GERMAN GOVERNMENT

Article: German system of government

Bundesregierung / The Federal Government

Germany is a republic with a parliamentary democracy and a bicameral system of government. The Federal Government consists of the Chancellor and his or her ministers who are drawn from the members of the Bundestag. The ministers usually belong to the parties who form the ruling coalition.
www.bundesregierung.de

Bundestag / The Federal Parliament

The Bundestag is made up of representatives elected by the German people. The Bundestag's main tasks are to draft and pass legislation, approve the national budget and to vote on the deployment of the German army (Bundeswehr). The members of the Bundestag are elected by the people of Germany. Elections to the Bundestag take place every four years.

Elections are carried out using a system of proportional representation. As a result, it is difficult for one party to gain an overall majority and coalition government is the norm. To prevent the splintering of parties or a radical party gaining power, parties have to obtain more than five percent of the vote.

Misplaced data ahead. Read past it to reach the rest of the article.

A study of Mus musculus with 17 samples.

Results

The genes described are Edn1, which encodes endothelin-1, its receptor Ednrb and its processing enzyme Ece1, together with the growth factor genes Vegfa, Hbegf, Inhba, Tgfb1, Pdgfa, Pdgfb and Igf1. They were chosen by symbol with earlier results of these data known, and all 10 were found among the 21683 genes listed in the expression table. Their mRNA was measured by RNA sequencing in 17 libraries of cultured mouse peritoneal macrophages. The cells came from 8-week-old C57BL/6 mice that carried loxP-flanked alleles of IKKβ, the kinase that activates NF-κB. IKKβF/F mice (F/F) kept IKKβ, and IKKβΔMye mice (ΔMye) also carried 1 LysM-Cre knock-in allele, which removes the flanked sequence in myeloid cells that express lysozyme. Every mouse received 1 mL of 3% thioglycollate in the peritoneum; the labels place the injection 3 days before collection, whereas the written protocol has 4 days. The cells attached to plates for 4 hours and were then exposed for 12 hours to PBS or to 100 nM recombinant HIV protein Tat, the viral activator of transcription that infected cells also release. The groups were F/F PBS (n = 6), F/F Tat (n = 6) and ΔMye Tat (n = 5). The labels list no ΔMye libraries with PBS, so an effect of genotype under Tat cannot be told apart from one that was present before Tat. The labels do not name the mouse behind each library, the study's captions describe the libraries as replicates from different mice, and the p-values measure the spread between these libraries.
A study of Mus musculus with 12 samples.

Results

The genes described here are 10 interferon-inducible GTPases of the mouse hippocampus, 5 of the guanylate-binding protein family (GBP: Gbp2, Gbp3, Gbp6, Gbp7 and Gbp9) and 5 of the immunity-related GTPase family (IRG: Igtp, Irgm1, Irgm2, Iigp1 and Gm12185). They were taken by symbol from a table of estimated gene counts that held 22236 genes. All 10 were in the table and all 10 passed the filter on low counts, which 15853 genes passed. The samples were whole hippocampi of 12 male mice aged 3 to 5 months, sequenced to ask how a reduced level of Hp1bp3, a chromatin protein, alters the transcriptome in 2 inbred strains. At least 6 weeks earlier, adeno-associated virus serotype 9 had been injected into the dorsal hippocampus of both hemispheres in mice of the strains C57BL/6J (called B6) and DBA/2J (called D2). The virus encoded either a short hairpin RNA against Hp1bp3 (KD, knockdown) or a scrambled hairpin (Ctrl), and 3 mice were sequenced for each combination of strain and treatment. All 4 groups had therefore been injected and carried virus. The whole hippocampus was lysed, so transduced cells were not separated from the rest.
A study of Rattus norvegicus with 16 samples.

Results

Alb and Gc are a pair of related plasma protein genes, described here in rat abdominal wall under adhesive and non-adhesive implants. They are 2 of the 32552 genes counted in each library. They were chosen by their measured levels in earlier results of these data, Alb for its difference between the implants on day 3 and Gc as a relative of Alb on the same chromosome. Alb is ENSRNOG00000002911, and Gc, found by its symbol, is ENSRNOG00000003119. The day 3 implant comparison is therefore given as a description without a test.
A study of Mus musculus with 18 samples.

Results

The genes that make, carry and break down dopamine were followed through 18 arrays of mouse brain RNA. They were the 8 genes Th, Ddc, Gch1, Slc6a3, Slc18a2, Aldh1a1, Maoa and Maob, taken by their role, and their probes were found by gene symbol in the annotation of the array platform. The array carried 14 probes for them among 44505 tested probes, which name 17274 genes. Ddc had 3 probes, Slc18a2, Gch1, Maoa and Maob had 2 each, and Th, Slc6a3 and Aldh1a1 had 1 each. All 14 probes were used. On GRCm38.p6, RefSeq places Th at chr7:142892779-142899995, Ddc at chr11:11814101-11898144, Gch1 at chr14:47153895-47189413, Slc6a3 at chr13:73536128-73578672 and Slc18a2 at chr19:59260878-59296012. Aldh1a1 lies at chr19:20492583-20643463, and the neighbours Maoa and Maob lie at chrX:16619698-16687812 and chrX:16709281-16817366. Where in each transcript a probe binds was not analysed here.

www.bundestag.de

Bundesrat / The Federal Council

The Bundesrat is the second chamber of the German parliament and represents the federal states’ interests at national level. There are 69 members of the Bundesrat. The Bundesrat is involved in creating and approving legislation.
www.bundesrat.de

Bundespräsident / The Federal President

The Federal President is elected by the Bundesversammlung (made up of representatives of the Bundestag and an equal number of representatives from the state parliaments) for a period of five years. The Federal President is the head of the German state. His roles are mainly ceremonial, representing the country both at home and abroad. However, he also has the power to appoint and dismiss the Chancellor. www.bundespraesident.de

Weisheit / Wisdom

Wir wollen mehr Demokratie wagen! ('We want to take a chance on more democracy!') Willy Brandt, German Chancellor from 1969 - 1974.